Used by millions of hearing impaired individuals each and every day, hearing aids have never before been so compact and comfortable. Their versatility and efficiency is thanks in large part to their long and varied history. Thanks to immense leaps in technology for hearing aids over the last two centuries, everyone should take a step back to see how far the technology has actually come. Here we explore the long yet successful evolution of hearing aids throughout three distinct periods and technology levels.

Early Hearing Aids

The earliest hearing devices did little to bring out the sound and could only give benefits in terms of incremental acoustic improvement to those who needed it. Ear trumpets were the first sound amplifiers but they weren’t consistent in size and they were shaped like big horns that could capture and amplify sounds that were picked up. The device would simply funnel the sound into the inner ear so the user could have a better chance of hearing than they had before.

Carbon Hearing Aids

It was only in the late 19th century that the first true hearing aids were emerged onto the technology scene, thanks in large part to Alexander Graham Bell’s telephone invention. This formed the cornerstone of establishing the carbon hearing aid, which basically used a carbon microphone in relation with a magnetic receiver and battery. What would happen is that sound would hit the outside of the microphone, which consequently redirected the tiny carbon pieces in the hearing aid. Those would then press against the diaphragm in relation to how much sound was generated; as such, the pieces moving through the diaphragm would react similarly to sound waves. This approach features significant drawbacks, though, because the sound of the carbon going through the hearing aid would give off interference and low quality sound, with the ability to only pick up on a few frequencies. As a result, it could help people with limited hearing loss but that was about it.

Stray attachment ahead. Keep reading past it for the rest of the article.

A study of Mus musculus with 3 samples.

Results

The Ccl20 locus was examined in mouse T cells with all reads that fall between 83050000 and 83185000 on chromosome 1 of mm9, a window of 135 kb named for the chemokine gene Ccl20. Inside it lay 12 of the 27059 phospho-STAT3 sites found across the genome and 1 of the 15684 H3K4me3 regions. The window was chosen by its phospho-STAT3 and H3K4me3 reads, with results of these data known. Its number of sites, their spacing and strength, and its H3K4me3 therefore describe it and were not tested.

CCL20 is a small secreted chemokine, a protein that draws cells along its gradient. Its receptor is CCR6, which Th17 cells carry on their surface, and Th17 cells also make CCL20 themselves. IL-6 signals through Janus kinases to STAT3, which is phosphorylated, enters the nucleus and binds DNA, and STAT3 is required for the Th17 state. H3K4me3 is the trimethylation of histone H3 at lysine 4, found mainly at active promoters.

Vacuum Tube Hearing Aids

Vacuum tube hearing aids weighed seven pounds but they were the greatest invention up to this point for the hearing impaired community. They emerged just before the true electronic hearing aids did in the 1920s. Bell Labs improved on the design later, creating the invention of the first transistor for use in hearing aids. Using the transmitter from a telephone to convert sounds gathered into electrical signals, these would then manifest themselves into amplified sound as they moved through the receiver end. On the brink of the electronic hearing aid design, this invention convinced investors and customers alike that new technology could be used for the sake of better hearing health.